The 137-foot ramp extension at Holcomb Park east of Richland will allow boat launching during periods of low water levels. Operating the backhoe Monday was Jeff Smith. Ken Helgerson, county roadmaster, handled the bulldozer. (Baker City Herald
By MIKE FERGUSON
Of the Baker City Herald
RICHLAND Baker County picked a good spring to extend the boat ramp at county-owned Holcomb Park.
With all but inaccessible to the Baker County boating public because it's been drawn down about 36 feet from full pool to provide for flood control, late March and early April has proven the ideal timeframe to lay down 5,500 yards of crushed rock to lengthen the boat ramp by 137 feet. A concrete surface will be added this fall.
The extension will give boaters access to the Powder River arm of Brownlee Reservoir during times when the Army Corps of Engineers directs Idaho Power Corp., which owns three hydroelectric dams in the Hells Canyon Complex, to draw the reservoir down below full pool for flood control in the spring.
It took county road crews nine working days to spread crushed rock along the length of the extension. Crews also added riprap larger rocks along the sides of the ramp for erosion control, said Roadmaster Ken Helgerson, who was out with six other employees Monday on the last day of construction.
The extension is the first phase for planned development at Holcomb Park, said Lorrie Harvey, the county's parks director.
andquot;We think this will make a huge difference for Holcomb development,andquot; she said.
Development plans for Holcomb include a new rail system along the boat ramp for boaters to tie up to when they get on and off their vessel.
New RV spaces and a restroom with showers are also planned over the next two years at Holcomb Park, the lesser-developed of the county's twin parks near Richland. This year, the parks department plans a new fish-cleaning station, septic system, a new well and water system and an RV dump station.
A $50,000 Oregon State Marine Board grant paid for the boat ramp extension. Harvey said the road department will bill the parks department for the labor and material that workers put into the project over the past two weeks.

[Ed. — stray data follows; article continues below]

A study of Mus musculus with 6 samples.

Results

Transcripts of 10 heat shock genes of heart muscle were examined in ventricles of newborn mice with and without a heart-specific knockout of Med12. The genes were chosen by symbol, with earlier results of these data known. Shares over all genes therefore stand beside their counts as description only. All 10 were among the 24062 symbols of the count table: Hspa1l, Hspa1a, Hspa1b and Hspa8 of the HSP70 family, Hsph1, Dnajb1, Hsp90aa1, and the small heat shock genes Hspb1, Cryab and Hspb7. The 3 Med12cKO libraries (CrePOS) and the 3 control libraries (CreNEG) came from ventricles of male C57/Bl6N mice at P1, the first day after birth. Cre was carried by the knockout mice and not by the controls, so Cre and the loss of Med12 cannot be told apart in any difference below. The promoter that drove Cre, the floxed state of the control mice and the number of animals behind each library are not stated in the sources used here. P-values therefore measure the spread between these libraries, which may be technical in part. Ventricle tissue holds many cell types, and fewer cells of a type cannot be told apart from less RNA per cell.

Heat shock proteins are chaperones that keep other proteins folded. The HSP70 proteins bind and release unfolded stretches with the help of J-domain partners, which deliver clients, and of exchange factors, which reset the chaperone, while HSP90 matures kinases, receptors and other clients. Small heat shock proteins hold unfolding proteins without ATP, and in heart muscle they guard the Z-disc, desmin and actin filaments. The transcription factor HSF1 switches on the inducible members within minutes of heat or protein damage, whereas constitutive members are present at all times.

andquot;I don't know how much they'll charge me,andquot; she said. andquot;They haven't sent me a bill yet.andquot; Pushing the trucks up the ramp
At a 15-degree slope, the boat ramp extension is slightly steeper than the 14-degree slope of the initial boat ramp, Helgerson said. The pitch of the extension proved too steep for two new belly-dump loaders the road department recently purchased from a Canadian firm.
Their solution was for Helgerson, in a Caterpillar bulldozer, to push the truck up the boat ramp every time it dumped a load of crushed rock.
andquot;This facility is going to be a lot more useful than it was,andquot; Helgerson said. andquot;It's eight feet wider on each side.andquot; He said that the boat ramp extension will have concrete poured on this fall, after the crush rock has had a few months to settle.
Harvey asked the road department to perform the work because she knew Helgerson and his crew could complete the project in the narrow timeframe that the reservoir will be relatively low. She said that twice in March, road crews were ready to get to work, only to have to cancel because the reservoir was too high.
andquot;They just had to be on call,andquot; she said. andquot;People think (the Army Corps of Engineers) drew (the reservoir) down just for our ramp, but that's not true. We just took advantage of the timing for flood control.andquot; Apparently the work was completed just in time. Idaho Power has been filling the reservoir the past few days. This Saturday, it's scheduled to be within 28 feet of fool pool 2,077 feet. On Tuesday, the reservoir was 40 feet below full.